Tuesday, 16 April 2013

Gary Hume, White Cube Bermondsey


The YBAs still have their appeal for me, so the promise of a new work - a sculpture, no less - by Gary Hume pulled me over to the White Cube's franchise in Bermondsey (always been a sucker for Gary Hume). Indeed the gallery itself is quite a draw for me, a newbie to the site. I wasn't disappointed by either.

The gallery has a super, wide open forecourt, making it look like a municipal building of the late 1950s. The doors are tall, heavy and give onto a wide foyer and corridor down the centre of the building. Plain, serviceable gallery space, as suggested by the name of the chain. It's not disimilar to either its parent White Cube in Hoxton - or even the Gagosian on Britannia Street, King's Cross. Uniformity of space is fine by me, as long as there it is to the advantage of the work on display.

Hume's Liberty Grip is a tall bronze, constructed from reproductions of the limbs of shop mannequins. There was a fair bit of curatorial guff about figurative suggestion (a hand) and mischief or irony. I saw a bit of Magritte in it, maybe even Degas. It is shown in a room called 9x9x9, presumably as these are the dimensions in metres. Goodness knows how they moved the piece in.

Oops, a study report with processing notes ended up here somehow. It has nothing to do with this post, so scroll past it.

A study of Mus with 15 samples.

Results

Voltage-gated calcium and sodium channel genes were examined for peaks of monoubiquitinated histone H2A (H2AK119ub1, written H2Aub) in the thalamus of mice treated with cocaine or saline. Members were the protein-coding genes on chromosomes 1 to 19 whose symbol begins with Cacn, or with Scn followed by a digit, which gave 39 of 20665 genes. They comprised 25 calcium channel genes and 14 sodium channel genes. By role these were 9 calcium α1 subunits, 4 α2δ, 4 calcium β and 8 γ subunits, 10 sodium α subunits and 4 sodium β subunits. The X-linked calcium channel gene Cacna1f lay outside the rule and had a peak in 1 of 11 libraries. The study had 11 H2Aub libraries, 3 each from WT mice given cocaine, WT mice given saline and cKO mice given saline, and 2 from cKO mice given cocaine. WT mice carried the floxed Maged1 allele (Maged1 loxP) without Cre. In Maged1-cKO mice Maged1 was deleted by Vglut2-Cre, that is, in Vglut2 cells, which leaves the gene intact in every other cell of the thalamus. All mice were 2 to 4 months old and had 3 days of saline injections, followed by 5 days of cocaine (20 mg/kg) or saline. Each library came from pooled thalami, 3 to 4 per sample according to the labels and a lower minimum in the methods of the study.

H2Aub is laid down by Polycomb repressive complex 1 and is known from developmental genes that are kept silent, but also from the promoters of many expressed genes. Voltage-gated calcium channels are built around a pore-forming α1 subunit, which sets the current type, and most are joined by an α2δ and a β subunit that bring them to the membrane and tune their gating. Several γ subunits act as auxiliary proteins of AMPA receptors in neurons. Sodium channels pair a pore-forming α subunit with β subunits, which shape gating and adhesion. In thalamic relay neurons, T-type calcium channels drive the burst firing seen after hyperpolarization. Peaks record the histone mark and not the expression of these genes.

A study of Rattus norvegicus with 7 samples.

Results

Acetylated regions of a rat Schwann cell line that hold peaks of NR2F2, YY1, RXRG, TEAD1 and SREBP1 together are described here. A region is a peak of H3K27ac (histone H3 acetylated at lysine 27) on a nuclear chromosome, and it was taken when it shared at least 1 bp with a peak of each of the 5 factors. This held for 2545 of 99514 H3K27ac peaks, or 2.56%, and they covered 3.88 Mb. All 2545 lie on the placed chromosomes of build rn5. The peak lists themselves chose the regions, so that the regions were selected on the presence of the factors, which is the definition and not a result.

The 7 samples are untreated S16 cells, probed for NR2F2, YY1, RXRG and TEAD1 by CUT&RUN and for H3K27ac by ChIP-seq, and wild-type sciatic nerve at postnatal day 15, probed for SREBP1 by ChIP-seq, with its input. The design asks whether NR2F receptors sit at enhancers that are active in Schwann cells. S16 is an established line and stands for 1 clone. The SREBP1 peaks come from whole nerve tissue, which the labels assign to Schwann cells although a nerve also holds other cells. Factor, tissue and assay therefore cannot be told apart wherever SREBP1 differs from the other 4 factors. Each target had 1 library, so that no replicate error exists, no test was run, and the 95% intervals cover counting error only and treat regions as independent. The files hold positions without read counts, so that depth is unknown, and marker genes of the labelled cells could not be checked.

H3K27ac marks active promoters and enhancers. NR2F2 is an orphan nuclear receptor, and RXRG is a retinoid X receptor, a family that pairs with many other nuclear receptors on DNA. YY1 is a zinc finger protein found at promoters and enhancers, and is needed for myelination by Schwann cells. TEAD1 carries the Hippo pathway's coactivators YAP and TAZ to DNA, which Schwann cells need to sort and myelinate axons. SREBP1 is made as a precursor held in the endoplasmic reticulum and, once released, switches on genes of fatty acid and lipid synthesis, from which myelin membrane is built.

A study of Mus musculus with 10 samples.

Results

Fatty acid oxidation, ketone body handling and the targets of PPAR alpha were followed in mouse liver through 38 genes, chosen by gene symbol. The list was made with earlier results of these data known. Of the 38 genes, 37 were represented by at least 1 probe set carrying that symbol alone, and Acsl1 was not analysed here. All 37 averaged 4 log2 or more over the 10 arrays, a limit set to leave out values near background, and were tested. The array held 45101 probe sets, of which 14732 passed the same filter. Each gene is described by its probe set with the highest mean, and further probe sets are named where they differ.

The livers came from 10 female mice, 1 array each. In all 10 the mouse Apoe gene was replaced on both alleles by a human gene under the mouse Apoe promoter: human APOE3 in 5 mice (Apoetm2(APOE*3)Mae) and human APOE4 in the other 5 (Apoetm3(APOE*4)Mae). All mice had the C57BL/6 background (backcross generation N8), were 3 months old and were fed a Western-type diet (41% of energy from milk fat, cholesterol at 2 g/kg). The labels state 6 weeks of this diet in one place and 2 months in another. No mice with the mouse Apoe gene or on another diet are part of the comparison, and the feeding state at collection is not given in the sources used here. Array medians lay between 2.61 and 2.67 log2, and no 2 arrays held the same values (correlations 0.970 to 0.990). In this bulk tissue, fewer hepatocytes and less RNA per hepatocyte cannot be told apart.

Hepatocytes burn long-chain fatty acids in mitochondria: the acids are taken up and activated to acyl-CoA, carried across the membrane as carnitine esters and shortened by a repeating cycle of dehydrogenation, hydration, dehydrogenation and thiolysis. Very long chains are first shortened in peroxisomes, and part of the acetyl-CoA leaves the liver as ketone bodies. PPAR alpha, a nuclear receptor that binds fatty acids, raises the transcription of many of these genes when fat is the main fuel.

The main room of the gallery is currently home to a major exhibition of the print work of Chuck Close. The space is indoor recreation centre-sized, with a central block creating an effective display ring. There is also a smaller room showing Eddie Peake's performance installation Adjective Machine Gun later in the week. All we had to look at was a bloke in a body stocking on roller skates, which is a bit Hipster for Bermondsey, frankly.